I spent three years dreaming of this Fellowship, and I can’t believe it’s over. The past two months felt like forever, but, at the same time, it went by so fast. How is that possible?
I learned so much, but not in the way I expected. I’ve been used to being independent since I left for college, but to be in a different “state” is a whole different ballpark. It was as if I was off to college all over again, but my parents weren’t there to help me move in. Instead, it was my Uber driver who helped me with my things up three flights of stairs.
I never truly understood the importance of internships besides the exposure to a workspace, but now I do. I got a taste of the “real world,” something that seems so abstract in the classroom. I learned that while I like working independently, I need an office space that allows for constant collaboration. I’ve also learned that the 2 o’clock coffee pickup is a must when you’re working a 9-to-5 job. Here’s a shout out to the Starbucks on New Jersey Ave for the Vanilla Sweet Cream Cold Brew with extra sweet cream, you got me through a lot of deadlines.
However, one of the biggest things this Fellowship taught me was that I will be fine after graduation. College doesn’t tell you that there are jobs out there that don’t require a major. In fact, three people from the comms team at CDF didn’t even major in communications in undergrad! Yet here they are, running all communications for a nation-wide nonprofit. This experience showed me that it’s okay not to have a five-year plan after graduation because most of the staff there didn’t either. That’ll probably be my new mantra once my senior year starts in a couple of days.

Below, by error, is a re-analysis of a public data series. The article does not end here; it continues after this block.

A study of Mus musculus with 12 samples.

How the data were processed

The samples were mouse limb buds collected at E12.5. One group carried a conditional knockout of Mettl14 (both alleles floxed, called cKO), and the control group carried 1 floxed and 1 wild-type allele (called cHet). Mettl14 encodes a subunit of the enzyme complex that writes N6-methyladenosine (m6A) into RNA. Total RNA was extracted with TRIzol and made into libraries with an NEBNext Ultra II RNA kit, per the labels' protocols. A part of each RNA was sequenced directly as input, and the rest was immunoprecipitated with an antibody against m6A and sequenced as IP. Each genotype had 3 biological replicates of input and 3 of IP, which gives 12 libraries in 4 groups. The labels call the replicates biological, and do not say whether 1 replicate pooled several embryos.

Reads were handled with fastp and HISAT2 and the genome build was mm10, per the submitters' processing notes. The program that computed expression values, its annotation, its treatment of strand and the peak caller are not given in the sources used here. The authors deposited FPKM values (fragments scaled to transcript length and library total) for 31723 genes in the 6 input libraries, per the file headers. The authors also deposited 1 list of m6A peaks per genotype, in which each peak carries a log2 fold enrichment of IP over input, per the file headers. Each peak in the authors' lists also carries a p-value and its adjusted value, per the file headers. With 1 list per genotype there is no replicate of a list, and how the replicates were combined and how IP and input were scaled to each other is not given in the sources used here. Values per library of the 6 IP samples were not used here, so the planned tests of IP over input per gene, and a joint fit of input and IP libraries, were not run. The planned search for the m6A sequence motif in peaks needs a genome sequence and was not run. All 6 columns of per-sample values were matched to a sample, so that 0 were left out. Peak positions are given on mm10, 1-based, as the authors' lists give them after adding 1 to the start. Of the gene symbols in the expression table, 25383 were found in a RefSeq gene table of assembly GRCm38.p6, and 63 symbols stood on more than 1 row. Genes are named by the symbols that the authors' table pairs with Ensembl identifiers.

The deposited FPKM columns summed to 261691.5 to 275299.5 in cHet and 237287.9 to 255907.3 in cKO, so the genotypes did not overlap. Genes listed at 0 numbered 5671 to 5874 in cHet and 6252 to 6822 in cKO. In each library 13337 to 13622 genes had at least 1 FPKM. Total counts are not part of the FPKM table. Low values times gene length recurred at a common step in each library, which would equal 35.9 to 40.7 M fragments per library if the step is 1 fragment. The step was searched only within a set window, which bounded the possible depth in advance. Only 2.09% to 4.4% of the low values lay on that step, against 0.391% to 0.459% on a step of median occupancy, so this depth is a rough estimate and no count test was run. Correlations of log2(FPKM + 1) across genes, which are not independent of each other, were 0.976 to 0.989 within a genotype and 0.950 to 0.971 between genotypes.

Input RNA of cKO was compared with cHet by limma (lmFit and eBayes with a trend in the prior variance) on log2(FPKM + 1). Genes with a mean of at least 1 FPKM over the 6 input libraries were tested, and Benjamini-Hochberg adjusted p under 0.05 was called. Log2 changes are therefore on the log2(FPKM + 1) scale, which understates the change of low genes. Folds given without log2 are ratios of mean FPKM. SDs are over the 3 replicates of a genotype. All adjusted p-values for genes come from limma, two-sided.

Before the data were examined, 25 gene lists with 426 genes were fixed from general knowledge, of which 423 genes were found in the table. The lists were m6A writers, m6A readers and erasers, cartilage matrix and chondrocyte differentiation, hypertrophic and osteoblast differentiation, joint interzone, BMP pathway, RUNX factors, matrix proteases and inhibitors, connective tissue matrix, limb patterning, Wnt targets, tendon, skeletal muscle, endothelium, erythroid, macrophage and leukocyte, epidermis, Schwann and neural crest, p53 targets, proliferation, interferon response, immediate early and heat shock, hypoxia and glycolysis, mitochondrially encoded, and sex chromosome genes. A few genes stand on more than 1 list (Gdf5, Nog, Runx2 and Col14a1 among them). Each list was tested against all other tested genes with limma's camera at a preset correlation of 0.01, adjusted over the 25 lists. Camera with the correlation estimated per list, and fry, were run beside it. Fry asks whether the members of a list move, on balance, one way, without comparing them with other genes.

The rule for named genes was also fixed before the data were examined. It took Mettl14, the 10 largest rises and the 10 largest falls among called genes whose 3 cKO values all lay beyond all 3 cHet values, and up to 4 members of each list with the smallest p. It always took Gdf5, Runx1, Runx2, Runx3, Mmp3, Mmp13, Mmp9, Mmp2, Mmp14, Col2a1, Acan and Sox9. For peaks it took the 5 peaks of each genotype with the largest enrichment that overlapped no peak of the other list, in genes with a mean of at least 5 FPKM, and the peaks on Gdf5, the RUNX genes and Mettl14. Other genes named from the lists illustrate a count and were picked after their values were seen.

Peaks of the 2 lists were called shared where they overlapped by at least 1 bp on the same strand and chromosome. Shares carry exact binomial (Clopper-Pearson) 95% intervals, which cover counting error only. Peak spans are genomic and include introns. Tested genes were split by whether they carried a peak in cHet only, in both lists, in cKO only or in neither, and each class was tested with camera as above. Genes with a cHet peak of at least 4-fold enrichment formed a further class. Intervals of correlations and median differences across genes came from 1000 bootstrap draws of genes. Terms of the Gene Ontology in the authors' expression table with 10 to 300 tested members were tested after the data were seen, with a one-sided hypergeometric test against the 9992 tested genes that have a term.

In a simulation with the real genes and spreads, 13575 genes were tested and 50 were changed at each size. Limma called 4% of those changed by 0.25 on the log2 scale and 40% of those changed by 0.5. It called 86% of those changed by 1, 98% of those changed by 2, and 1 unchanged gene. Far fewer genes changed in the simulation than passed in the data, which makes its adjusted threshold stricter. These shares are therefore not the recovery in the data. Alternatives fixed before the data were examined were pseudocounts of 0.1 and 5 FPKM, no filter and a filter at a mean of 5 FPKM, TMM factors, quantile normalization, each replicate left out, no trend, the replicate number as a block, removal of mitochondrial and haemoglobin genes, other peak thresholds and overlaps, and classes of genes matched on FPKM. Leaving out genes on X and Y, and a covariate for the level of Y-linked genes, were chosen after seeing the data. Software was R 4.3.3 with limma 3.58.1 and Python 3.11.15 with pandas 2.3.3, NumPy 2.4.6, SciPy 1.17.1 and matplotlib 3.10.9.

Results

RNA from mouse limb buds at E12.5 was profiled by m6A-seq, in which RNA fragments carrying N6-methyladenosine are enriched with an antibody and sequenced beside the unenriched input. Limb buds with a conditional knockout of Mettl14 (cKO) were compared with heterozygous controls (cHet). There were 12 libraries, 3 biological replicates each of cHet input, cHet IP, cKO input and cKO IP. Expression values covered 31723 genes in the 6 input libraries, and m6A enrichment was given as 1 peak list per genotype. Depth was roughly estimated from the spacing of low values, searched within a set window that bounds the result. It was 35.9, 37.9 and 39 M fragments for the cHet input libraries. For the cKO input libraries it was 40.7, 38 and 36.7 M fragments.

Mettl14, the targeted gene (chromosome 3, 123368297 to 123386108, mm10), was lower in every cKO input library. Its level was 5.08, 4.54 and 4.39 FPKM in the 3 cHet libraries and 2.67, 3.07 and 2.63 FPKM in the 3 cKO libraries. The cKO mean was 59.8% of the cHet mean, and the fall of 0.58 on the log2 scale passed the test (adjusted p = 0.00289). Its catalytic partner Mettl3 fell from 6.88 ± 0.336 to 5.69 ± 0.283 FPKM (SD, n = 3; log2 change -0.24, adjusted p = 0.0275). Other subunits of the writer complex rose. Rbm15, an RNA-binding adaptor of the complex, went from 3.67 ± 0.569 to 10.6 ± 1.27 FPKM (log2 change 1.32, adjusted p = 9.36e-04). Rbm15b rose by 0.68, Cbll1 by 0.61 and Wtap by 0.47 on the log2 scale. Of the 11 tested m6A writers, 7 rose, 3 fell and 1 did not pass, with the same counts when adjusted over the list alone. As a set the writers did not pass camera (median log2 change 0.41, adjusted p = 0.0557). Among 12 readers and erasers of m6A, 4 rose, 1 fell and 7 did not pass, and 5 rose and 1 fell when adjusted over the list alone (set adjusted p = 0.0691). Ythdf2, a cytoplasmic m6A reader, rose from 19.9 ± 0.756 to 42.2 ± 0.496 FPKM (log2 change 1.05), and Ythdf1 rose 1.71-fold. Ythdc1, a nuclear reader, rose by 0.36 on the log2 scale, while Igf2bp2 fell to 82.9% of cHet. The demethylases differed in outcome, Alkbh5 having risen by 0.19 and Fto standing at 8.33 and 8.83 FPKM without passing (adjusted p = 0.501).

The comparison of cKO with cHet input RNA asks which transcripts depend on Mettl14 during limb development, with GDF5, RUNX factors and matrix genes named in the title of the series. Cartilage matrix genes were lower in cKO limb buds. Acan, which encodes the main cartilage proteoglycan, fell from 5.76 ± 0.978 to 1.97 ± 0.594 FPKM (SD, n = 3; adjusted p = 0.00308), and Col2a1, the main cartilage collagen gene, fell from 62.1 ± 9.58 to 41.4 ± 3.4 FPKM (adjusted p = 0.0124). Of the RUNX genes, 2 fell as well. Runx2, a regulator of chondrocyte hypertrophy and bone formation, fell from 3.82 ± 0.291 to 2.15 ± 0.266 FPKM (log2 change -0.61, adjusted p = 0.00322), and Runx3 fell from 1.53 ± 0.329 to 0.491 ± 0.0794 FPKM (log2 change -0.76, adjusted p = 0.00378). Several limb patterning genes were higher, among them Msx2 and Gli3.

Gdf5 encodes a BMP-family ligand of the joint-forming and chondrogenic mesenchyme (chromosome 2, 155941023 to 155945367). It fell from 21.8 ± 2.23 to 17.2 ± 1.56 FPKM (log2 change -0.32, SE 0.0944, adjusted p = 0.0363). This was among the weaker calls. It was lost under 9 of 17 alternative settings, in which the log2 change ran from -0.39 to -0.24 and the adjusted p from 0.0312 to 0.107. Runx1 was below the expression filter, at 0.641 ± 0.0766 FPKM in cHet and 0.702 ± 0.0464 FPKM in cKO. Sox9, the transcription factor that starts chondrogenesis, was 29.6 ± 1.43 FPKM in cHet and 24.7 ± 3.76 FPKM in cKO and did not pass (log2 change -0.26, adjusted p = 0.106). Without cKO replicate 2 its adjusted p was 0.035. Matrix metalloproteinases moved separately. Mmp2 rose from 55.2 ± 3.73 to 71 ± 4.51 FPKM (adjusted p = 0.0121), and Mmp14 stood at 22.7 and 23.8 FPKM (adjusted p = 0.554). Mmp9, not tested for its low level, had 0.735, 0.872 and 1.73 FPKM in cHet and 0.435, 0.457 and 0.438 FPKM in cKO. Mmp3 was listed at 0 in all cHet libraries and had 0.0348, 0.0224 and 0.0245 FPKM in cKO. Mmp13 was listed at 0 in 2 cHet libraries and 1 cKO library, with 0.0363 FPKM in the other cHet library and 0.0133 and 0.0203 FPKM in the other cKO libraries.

Since my final presentation was about brand authenticity online, I’ll start. It took a very long time to get acclimated to D.C. and my job at the Children’s Defense Fund. I was ready to take the city by storm but instead, D.C. humbled me. (If you’re curious what I mean by that, you can read my first blog here.) I took those hurdles as a sign to step back and reflect. Reflecting helped me identify the theme of my final presentation one step at a time, or in comms terms, one tweet at a time.
That was another big thing this Fellowship taught me: I can’t do it all at once. In fact, no one and no organization can. What people and organizations can do to start effecting change is to startthe conversation. It seems so small, but that’s how change starts: one step at a time. I bet that’ll be my second mantra of senior year.
Not only will this experience help me through my senior year, it will help me make a change in the world one step at a time.